Tom Brady's record-setting passing performance in leading the Patriots to victory Sunday night would seem to have made him a unanimous pick for Super Bowl MVP. Actually not, thanks to online balloting and the back-and-forth nature of the game's thrilling fourth quarter.
The NFL allows fan voting, conducted during the fourth quarter at superbowl.com, to count for four MVP votes, with the other 16 coming from select media members. The four online votes are divvied up based on the voting percentage, and while Brady took the largest share with 2.5 votes, Panthers stars Jake Delhomme and Steve Smith - legitimate choices while Carolina rallied to a 22-21 lead - also received votes.
Quarterback Delhomme earned one vote for his efforts, and Smith, who scored Carolina's first touchdown, got a half-vote.
Sunday's game set Super Bowl records for online voting and traffic, with 440,000 ballots cast, up 66 percent from last year's 265,000. A compelling finish leads to a higher online turnout - last year's lopsided Bucs win had the voting down from the previous two years, when more than 400,000 ballots were cast.
The NFL also reported that 2-million users visited the Super Bowl's official site Sunday, an increase of about 20 percent from the 1.8-million reported last year.
NAKED TRUTH: As compelling as Sunday's game was, when it comes to driving Internet traffic to ridiculous levels, it's hard to beat the rare combination of a global stage, football and unexpected nudity.
The interest in stories and, of course, photos of the controversial halftime show, which closed with Justin Timberlake "accidentally" exposing Janet Jackson's right breast, far exceeded any traffic devoted to the game itself.
Consider ESPN.com, which keeps daily tabs as to which stories are forwarded to others most often by readers. The story on Jackson's surprising display and the ensuing FCC investigation had been sent an astounding 14,621 times, which made it 10 times as popular as any other story Monday.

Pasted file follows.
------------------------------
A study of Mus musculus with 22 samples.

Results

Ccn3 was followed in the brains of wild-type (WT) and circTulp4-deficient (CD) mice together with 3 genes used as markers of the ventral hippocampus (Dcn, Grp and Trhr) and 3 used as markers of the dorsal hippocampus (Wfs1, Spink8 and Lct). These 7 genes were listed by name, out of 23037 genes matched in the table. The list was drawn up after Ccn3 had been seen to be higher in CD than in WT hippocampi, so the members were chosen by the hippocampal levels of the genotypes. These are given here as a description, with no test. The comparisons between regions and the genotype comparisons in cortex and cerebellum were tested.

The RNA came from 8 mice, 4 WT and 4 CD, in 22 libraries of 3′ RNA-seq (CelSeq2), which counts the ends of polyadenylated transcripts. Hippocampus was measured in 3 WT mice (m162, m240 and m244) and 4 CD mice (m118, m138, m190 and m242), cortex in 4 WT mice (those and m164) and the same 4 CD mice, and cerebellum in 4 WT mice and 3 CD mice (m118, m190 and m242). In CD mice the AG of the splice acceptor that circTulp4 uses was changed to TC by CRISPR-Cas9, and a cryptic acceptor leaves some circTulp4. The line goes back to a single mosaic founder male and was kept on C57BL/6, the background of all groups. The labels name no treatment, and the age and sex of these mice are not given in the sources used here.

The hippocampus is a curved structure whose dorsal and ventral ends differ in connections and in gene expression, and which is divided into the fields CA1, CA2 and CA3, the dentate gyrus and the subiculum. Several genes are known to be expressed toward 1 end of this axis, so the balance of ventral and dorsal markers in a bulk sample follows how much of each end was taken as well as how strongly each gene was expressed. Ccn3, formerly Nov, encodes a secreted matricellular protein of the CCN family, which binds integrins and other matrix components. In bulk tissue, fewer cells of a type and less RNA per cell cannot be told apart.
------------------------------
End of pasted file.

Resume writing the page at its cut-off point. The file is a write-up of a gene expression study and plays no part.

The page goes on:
The runnerup? A wire story about the game's other brush with an R-rating, when a streaker danced on the field before the second-half kickoff. CBS's decision not to air any footage - standard as a network deterrent to such publicity stunts - only added to the online interest.
For those who haven't seen enough, check out a tribute site at thestreaker.org.uk, devoted to Mark Roberts, who boasts some 300 streaking successes, though arguably none as big as Sunday's.
The fun commentary Monday had nothing to do with Brady or Delhomme, but rather Justin and Janet and memorable phrases not normally associated with sports wire copy such as "wardrobe malfunction" and "sun-shaped metal nipple decoration."
All the sites took shots at the frenzy, with ESPN.com's Page 2 section leading its coverage with two words: "Breast Ever?" Search engine Google.com had links to more than 1,000 different stories with presidential candidate Howard Dean among those checking in with opinions.
Not all was mayhem online. An ESPN.com poll asked fans what their favorite part of the Super Bowl was, and in an encouraging show of perspective and maturity, "37 points in the fourth quarter" beat out "Janet's halftime show."
TID-BYTES: The Bucs aren't defending Super Bowl champs anymore, but that won't keep fans from exercising impressive levels of offseason optimism. A poll at Buccaneers.com asks fans how many yards Thomas Jones would rush for if he were the starting running back for all of 2004. About 45 percent said he would top 1,000 yards, including 14 percent thinking he would top 1,250. Few things polarize fans like online polls, however, and another 31 percent answered that Jones wouldn't even manage 500 yards.